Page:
Facing intense pressure after Chinese APT hack, Microsoft plans to expand logging defaults for lower-tier M365 customers.

NET vulnerability CVE-2023-38180 exploited

Facing intense pressure to free up access to cloud security logs, Microsoft on Wednesday said it would expand logging defaults for lower-tier M365 customers and increase the duration of retention for threat-hunting data.

The move is a direct response to widespread criticism of Microsoft’s M365 licensing structure that essentially charges extra for customers to access forensics data during active malware investigations.

The issue came to a head this week when Microsoft confirmed that Chinese hackers were caught forging authentication tokens using a stolen Microsoft security key to break into M365 email inboxes.

The hack, which led to the theft of email from approximately 25 organizations, turned into a bigger embarrassment when customers complained they had zero visibility to investigate because they were not paying for the high-tier E5/G5 license.

Starting in September, Microsoft said it would now expand the logging defaults for lower-tier customers to receive “deeper visibility into security data, including detailed logs of email access and more than 30 other types of log data previously only available at the Microsoft Purview Audit (Premium) subscription level.”

In addition, Microsoft vice president Vasu Jakkal said Redmond plans to increase the default forensics data retention period for Audit Standard customers from 90 days to 180 days.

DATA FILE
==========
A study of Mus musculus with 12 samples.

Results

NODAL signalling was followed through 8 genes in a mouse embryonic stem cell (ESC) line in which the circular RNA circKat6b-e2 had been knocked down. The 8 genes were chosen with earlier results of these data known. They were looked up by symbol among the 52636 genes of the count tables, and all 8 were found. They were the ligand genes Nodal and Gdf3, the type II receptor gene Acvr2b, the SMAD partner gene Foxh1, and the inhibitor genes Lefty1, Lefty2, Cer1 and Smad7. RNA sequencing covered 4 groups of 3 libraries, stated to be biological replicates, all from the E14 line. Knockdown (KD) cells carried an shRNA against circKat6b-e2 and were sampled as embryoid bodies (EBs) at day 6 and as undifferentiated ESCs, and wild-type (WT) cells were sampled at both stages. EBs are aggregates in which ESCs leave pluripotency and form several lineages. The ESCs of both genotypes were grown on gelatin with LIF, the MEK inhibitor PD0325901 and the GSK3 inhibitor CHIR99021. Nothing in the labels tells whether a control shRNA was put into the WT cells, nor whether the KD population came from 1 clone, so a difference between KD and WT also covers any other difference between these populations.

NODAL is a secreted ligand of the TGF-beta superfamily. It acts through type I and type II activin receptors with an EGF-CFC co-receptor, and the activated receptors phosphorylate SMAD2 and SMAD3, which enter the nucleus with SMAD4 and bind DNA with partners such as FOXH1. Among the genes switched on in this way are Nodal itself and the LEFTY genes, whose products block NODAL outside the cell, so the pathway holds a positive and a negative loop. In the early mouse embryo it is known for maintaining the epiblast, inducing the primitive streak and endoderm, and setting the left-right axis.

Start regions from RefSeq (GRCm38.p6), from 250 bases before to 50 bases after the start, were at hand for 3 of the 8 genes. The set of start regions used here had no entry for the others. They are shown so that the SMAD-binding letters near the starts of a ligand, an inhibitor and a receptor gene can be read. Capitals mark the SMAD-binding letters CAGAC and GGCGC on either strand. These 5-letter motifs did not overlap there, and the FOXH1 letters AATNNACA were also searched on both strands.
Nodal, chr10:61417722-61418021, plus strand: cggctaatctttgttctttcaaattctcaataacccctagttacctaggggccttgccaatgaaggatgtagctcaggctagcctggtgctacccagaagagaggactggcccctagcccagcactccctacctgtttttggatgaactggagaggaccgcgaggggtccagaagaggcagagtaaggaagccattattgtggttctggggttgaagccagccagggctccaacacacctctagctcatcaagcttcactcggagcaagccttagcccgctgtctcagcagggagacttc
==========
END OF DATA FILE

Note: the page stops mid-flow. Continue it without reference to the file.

“Over the coming months, we will include access to wider cloud security logs for our worldwide customers at no additional cost. As these changes take effect, customers can use Microsoft Purview Audit to centrally visualize more types of cloud log data generated across their enterprise,” Jakkal added in a statement announcing the changes.


CISA director Jen Easterly welcomed the move. “After working collaboratively for over a year, I am extremely pleased with Microsoft’s decision to make necessary log types available to the broader cybersecurity community at no additional cost,” Easterly said. 

“While we recognize this will take time to implement, this is truly a step in the right direction toward the adoption of Secure by Design principles by more companies. We will continue to work with all technology manufacturers, including Microsoft, to identify ways to further enhance visibility into their products for all customers,” the CISA boss added.

Related: Microsoft Warns of Office Zero-Day Attacks, No Patch Available

Related: Chinese APT Used Forged Microsoft Authentication Tokens to Hack Gov Emails

Related: Microsoft Outs New Russian APT Linked to Wiper Attacks in Ukraine

Related: Microsoft Blames Russian APT for Outlook Zero-Day Exploits

Written By

Ryan Naraine is Editor-at-Large at SecurityWeek and host of the popular Security Conversations podcast series. He is a security community engagement expert who has built programs at major global brands, including Intel Corp., Bishop Fox and GReAT. Ryan is a founding-director of the Security Tinkerers non-profit, an advisor to early-stage entrepreneurs, and a regular speaker at security conferences around the world.